There’s a misconception going around that PCI slots don’t travel in the same circles as PCIe slots do. In some instances, this is true. But not when it comes to most industrial motherboards and single board computers.
PCI and PCIe slots are essentially a “bus” or the channel by which different devices would exchange data within an Industrial Computer.
What is PCI?
PCI is short for Peripheral Component Interconnect. PCI is a local bus.
What is PCIe?
PCIe (or PCI Express/PCI-E) is the successor of PCI and AGP. With this new standard for connecting devices to computers, the PCIe is gradually taking the place of SATA and USB busses.
At the end of the day, it really comes down to two things; PICMG 1.0 and PICMG 1.3. Any industrial motherboard or passive backplane with the PICMG 1.0 architecture will contain a mixture of ISA and PCI slots. There are some passive backplanes that are all ISA or PCI but most of the time, they will contain a certain amount of ISA/PCI slots with one or two PICMG slots for the single board computer.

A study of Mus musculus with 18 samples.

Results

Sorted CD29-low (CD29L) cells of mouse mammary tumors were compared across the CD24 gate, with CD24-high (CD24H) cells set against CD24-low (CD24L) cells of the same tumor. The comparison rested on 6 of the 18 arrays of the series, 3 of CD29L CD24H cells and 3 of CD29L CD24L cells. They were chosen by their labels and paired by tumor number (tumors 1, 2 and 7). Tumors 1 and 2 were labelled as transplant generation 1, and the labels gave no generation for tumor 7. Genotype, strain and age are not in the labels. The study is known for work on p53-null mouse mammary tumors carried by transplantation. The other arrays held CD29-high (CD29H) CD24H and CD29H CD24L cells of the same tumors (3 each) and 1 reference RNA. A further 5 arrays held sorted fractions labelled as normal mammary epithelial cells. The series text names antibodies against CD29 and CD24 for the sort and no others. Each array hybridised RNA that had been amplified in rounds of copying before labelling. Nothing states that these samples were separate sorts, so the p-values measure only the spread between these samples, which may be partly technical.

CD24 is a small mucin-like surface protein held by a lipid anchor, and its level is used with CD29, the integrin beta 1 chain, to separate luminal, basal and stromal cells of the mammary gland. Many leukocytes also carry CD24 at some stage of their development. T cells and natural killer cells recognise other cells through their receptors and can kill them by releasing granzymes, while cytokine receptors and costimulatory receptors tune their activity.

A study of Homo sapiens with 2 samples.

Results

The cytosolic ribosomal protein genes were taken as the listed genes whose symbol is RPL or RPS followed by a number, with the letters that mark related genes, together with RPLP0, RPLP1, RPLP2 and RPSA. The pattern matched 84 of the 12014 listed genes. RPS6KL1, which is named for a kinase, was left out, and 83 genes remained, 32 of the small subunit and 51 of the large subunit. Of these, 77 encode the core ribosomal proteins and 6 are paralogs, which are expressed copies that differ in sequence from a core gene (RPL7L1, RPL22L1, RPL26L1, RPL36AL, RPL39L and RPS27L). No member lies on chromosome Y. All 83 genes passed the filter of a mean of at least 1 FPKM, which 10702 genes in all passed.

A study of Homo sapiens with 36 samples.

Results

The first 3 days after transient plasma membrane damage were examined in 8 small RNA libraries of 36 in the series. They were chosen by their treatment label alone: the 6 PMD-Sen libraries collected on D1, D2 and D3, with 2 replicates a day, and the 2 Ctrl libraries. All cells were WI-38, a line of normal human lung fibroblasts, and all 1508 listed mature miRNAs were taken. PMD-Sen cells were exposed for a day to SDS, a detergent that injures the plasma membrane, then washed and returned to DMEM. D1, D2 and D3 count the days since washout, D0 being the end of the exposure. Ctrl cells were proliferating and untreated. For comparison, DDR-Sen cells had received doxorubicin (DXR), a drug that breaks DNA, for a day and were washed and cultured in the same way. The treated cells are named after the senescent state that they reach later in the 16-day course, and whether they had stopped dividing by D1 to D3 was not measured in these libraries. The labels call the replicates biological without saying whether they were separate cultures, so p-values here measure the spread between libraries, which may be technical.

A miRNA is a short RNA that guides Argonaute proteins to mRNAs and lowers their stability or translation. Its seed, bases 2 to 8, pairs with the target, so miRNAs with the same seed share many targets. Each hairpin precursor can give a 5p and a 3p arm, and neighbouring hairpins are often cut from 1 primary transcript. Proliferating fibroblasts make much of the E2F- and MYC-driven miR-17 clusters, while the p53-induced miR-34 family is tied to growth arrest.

PICMG 1.3 architecture will contain PCI and PCIe x 1, x4, x8, x16 slots along with a PICMG slot for the single board computer. I haven’t seen any backplanes with straight PCIe slots like you would with an all ISA or PCI PICMG 1.0 backplane.
The great thing about passive backplanes and the need for ISA, PCI or PCIe slots is the flexibility they provide. Just keep in mind that ISA and PCIe don’t play well together, so it’s either one or the other when it comes to configuring a system.